According to the FCC, more than 430,000 people who make up 25 percent of our state’s rural population lack access to high-speed internet. Our state ranks 36th in the country for accessibility in rural areas. The COVID-19 pandemic underscored—and in some ways, exacerbated—the lack of equitable and reliable access to high-speed internet.
Gov. Evers was proud to declare 2021 the Year of Broadband Access during his State of the State address. The governor’s 2021-23 budget builds on the success of the last budget and again proposes the largest state investment in broadband access in state history, putting nearly $150 million toward expanding broadband infrastructure in underserved areas and $40 million toward helping low-income Wisconsinites afford internet services. The governor’s total investment in broadband access and affordability is roughly $200 million over the biennium, nearly quadrupling Wisconsin’s investment of $54 million in the 19-21 biennium, and five times the amount invested in the 2013, 2015, and 2017 budgets combined.
Wisconsinites need better access to reliable, high-speed internet. Whether you’re a farmer running your business, a child working on homework, or a retiree trying to access healthcare via telehealth, access to the internet is a necessity. Governor Evers knows that a strong state economy is closely linked to access to high-speed broadband in our schools, businesses, health care settings, and homes.
Access alone will not meet our goals — even in areas where broadband service is available, it may still be inadequate due to affordability, speed, or reliability concerns. Governor Evers’ 21-23 budget makes the internet more affordable by:
- Creating an Internet Assistance Program that invests $40 million in reducing costs and making internet services affordable for tens of thousands of low-income families throughout Wisconsin. • Creating a Broadband Line Extension grant program, which will reduce the cost of expensive line extensions from residences to existing broadband infrastructure. The program would be open to residences that do not have access to 25/3 Mbps service and all line extensions provided by this grant program would have to bring the residence to at least 25/3 Mbps service.
- Maintain funding for the TEACH Subsidy Program and for the TEACH Infrastructure grant program, which help reduce the cost of internet access for libraries and educational institutions across the state.
Governor Evers knows that fixing Wisconsin’s roads is vital to our economy. It’s important for businesses moving goods, people going to work, and tourists enjoying everything Wisconsin has to offer, from Milwaukee to Superior. The governor’s prior budget proposal set the standard for transportation investment. The governor’s 21-23 budget builds on this commitment allows for smart, targeted program increases while staying within historic lows in bonding for highway projects. This budget strengthens Governor Evers’ commitment to fixing our roads and enhancing our overall transportation infrastructure, while also addressing changes that our transportation infrastructure needs.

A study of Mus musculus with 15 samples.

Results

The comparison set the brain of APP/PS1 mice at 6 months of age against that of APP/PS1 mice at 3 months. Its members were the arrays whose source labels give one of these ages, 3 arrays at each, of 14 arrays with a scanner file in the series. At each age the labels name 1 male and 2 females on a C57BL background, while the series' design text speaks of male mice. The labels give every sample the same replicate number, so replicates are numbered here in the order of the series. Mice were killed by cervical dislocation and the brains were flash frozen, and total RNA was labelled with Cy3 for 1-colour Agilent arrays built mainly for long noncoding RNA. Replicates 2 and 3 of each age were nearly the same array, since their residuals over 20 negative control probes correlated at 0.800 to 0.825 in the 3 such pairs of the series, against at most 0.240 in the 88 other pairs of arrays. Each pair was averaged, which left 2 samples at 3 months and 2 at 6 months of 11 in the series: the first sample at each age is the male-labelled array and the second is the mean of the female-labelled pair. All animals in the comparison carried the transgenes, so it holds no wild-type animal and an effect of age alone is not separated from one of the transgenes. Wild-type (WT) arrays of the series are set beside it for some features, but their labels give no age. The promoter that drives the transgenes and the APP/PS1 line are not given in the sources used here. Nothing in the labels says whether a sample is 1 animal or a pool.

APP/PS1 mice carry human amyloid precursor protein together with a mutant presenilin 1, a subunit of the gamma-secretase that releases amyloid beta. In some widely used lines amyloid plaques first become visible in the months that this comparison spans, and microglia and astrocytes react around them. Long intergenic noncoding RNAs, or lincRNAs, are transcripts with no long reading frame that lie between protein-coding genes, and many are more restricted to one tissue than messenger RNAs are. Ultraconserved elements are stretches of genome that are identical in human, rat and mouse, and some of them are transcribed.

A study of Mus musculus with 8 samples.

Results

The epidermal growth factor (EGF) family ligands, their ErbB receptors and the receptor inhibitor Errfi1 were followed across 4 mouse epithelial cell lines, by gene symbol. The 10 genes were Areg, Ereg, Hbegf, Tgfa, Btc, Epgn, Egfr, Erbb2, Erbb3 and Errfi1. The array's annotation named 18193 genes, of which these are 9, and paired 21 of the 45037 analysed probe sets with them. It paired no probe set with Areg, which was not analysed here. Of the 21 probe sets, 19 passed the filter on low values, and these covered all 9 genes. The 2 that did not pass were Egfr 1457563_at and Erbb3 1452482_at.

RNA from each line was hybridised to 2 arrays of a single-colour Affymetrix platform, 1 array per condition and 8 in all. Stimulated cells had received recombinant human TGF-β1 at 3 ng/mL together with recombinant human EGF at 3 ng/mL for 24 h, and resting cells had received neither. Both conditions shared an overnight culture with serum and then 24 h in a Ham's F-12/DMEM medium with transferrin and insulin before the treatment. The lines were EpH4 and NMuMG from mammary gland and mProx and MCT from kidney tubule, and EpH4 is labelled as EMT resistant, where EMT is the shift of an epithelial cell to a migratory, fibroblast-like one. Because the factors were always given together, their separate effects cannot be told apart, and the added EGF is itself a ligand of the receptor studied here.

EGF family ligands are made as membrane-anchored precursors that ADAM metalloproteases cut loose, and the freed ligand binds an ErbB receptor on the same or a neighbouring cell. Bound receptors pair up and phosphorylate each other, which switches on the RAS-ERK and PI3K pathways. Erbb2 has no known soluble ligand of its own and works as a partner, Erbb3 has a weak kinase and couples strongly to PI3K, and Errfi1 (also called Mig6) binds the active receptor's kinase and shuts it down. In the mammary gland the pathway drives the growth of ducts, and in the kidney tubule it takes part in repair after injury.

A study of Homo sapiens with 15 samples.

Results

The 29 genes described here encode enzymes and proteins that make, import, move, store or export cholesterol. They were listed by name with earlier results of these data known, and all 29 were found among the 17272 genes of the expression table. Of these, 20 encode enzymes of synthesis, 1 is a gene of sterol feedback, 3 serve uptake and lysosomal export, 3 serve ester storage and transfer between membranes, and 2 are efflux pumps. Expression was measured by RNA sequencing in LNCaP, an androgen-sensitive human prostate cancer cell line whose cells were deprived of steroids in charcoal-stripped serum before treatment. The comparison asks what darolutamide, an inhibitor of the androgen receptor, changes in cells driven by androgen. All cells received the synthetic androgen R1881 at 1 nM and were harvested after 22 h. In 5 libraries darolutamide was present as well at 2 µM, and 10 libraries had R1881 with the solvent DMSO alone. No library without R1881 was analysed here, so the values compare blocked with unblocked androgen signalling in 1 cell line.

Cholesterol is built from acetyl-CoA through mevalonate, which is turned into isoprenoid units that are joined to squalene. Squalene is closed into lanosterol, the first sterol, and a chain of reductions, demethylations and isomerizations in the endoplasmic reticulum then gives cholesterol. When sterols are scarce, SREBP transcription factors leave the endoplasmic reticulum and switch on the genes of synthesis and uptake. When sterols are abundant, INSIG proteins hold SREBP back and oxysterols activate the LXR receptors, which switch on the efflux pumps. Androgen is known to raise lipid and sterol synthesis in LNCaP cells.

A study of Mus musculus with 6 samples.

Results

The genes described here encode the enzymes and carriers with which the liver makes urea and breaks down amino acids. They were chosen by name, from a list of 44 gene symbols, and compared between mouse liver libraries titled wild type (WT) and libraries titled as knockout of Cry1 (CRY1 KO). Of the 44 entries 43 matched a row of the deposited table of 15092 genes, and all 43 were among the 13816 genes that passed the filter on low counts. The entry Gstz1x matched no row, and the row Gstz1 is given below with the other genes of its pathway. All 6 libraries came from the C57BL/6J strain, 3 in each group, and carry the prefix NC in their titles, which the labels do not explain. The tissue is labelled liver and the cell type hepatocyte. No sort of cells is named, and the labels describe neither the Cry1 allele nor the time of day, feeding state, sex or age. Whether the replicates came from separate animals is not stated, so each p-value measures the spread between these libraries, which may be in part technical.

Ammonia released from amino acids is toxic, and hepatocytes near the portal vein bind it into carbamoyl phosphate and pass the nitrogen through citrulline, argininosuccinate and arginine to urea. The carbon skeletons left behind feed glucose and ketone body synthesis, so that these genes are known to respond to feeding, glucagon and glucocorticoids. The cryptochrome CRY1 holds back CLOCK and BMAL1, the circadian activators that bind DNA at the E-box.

Governor Evers’ budget addresses the critical needs of the state’s highway system by including an inflationary increase to maintain the purchasing power of the state highway rehabilitation program. • The governor’s budget enumerates the I-94 East/West project to make full use of the investments that the state has made by completely rebuilding the Zoo and Marquette interchanges at the east and west entrances to the corridor. These investments will help prepare metropolitan Milwaukee highways for the next 50 years.
- Governor Evers authorized an additional $162 million for major highway projects.
Governor Evers knows that local transportation is vital to our local communities and those who live in them. The governor is proposing additional increases of 2% each year for the general transportation aids program providing support to Wisconsin cities, villages, towns, and counties. Building on the historic 10% percent increase in general transportation aids in the prior budget, the total investment in general transportation aids has never been higher.
The governor recognizes that there are many who don’t drive but ride within our communities. That is why Governor Evers made multiple investments in programs that make sure all members of our communities are able to transit whether for work, school, health appointments, or simply for leisure.
The governor’s budget proposes investing more than $30 million in programs that help build resilient roads and infrastructure, restore wetlands to prevent catastrophic flooding, support farmers when their crops are damaged, as well as an innovative first-of-its-kind program to help Wisconsinites purchase flood insurance.
Preventing Costly Flooding
In many cases, the increasing threat of flooding in our communities can be prevented with proactive efforts, smart investments, and strong partnerships with local, state, and federal agencies. For every dollar invested in preventing flooding, the state as a whole will recoup seven dollars in avoided costs.
Building Resilient Communities
By investing in programs that help communities recover and rebuild following a damaging flood, we provide the state with a greater ability to effectively respond and partner with local governments. By building resilience, Wisconsin can strengthen its ability to adapt, minimize the ongoing costs from a flooding event, and better combat the burdens of a flooding event.